In my project, which portrays a modern take on the classic Asimovian "human empire among the stars", I have a society connected by stable wormholes which are as instantaneous as the portals in the game ... Portal. Energy is practically boundless because fusion has been mastered, and hydrogen is everywhere in space.
The time it takes to travel from world A to world B is only the time consumed going from A to the edge of A's solar system, and then from the edge of B's solar system to B. Fusion-powered ships could do this in weeks or possibly days by most reckonings.
[Question has been refined after this point!]
Goods and people travel between these worlds with the overall expense, regularity and ease with which early 20th century people would travel between continents. Not something one would do every week, but something almost anyone would possibly do at least once in their lifetime if they wanted to.
Genetic engineering is of course a very old (and thoroughly perfected) science at this point. However, most cultures abstain from its use beyond negative eugenics (the elimination of congenital defects). Others used it early on to shape the founders of settlements to better thrive on worlds that while habitable without terraforming, were not earthlike.
So, with all that said, my question is, would natural humans, which aren't actively engineering themselves on a genetic level, and which are no more physically isolated from other groups than continents were before jet air travel, still result in new races of human beings?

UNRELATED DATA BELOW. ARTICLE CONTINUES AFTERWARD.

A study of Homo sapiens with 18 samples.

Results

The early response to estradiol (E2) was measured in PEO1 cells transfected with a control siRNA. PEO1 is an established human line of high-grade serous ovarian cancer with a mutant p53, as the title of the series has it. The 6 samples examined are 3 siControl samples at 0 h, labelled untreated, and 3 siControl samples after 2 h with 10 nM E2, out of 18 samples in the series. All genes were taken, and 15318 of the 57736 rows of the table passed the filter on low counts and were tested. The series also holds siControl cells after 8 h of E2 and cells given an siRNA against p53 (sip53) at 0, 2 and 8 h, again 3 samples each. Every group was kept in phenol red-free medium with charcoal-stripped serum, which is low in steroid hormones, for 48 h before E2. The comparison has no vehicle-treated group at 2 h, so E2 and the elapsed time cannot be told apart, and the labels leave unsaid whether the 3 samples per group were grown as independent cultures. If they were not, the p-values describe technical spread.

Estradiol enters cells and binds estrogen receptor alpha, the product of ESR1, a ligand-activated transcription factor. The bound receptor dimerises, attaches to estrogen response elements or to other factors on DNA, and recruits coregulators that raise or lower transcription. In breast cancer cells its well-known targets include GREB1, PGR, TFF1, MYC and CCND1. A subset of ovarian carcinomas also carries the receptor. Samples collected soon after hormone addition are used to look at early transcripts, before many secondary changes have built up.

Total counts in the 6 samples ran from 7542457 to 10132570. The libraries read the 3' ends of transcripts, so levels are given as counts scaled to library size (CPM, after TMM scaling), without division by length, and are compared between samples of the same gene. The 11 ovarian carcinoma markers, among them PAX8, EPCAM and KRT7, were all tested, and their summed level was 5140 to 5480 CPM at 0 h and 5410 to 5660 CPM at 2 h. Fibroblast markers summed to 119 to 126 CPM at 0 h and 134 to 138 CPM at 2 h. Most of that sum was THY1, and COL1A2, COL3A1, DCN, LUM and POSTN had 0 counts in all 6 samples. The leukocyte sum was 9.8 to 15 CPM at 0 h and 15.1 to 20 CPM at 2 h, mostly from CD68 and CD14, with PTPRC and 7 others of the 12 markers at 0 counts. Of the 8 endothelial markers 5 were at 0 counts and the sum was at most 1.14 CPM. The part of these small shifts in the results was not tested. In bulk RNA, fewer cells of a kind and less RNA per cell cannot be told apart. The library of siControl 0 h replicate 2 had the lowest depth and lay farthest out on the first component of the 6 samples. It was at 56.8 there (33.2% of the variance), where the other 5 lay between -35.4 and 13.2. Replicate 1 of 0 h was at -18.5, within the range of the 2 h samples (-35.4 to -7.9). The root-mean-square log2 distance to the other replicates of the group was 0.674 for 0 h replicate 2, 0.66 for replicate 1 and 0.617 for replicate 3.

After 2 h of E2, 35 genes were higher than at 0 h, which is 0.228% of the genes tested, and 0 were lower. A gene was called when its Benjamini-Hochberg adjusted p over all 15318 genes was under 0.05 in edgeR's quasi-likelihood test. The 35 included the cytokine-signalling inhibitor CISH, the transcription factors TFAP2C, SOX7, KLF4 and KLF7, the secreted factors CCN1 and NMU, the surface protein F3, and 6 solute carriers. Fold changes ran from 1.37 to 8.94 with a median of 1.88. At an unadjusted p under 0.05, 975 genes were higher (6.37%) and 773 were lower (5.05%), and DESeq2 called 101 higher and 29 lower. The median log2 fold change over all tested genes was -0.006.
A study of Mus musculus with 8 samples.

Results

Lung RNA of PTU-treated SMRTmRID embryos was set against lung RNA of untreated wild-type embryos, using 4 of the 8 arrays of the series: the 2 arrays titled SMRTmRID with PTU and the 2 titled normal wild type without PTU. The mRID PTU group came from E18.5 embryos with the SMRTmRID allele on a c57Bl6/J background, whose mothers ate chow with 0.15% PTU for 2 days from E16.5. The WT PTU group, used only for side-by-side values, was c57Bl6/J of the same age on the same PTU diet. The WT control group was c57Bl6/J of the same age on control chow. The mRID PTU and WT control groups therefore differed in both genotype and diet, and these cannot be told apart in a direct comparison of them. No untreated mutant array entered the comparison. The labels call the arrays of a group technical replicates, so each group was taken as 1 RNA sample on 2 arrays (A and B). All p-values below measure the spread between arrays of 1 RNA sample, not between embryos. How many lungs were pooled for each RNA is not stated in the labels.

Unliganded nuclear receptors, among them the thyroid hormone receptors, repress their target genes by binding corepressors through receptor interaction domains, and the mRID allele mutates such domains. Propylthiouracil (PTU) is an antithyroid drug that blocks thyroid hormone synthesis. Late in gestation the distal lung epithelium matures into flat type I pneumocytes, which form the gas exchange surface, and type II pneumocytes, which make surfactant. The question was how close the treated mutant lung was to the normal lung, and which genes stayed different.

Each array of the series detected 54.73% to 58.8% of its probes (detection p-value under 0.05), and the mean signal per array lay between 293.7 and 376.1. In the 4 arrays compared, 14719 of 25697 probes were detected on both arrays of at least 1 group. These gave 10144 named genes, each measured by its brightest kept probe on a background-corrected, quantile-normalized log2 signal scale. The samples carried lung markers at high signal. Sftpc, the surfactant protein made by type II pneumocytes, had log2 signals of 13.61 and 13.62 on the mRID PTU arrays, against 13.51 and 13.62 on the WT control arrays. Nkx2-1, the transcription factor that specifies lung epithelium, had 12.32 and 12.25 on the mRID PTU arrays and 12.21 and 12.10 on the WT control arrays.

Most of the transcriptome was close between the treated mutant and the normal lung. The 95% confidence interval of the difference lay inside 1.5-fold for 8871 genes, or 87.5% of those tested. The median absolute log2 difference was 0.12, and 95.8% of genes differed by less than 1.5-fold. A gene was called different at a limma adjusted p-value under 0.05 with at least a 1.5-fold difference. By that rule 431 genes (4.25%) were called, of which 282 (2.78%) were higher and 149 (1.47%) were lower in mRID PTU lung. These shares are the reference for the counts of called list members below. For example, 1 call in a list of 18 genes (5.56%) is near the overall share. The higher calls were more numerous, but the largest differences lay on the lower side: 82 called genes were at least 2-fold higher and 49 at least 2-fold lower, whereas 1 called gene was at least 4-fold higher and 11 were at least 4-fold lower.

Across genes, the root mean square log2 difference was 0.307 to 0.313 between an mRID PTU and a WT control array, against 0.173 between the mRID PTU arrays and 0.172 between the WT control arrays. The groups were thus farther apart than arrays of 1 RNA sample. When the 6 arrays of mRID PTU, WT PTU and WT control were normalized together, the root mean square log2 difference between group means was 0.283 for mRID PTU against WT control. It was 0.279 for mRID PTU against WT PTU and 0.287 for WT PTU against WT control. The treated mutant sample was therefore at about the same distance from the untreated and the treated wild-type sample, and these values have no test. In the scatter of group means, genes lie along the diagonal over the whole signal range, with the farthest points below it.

By races, I mean the fast and loose definition of a "race" - a group of people with unique physical traits that stand out and visually identify them as members of such a race. Traits that consistently are passed on to future generations.
Of course, if left isolated, any group of people would, over many generations, result in such a thing. But with the lack of isolation, would it still happen?
I hope this didn't sound ... racist or ignorant somehow due to my wording. I botched the question originally in trying to avoid that.
[Another quick edit]
When I first posited this question, I hadn't settled on an exact number for the age of this empire. I knew I wanted it to be quite old (by our standards). I've settled on 31,000 years. Which places it roughly 33,000 years into the future (this empire was not an entity immediately upon colonizing our own solar system or nearby stars reachable without the impossible concept of FTL or the wormholes later used).
A decent time frame may help with this question if anyone has anything further to add.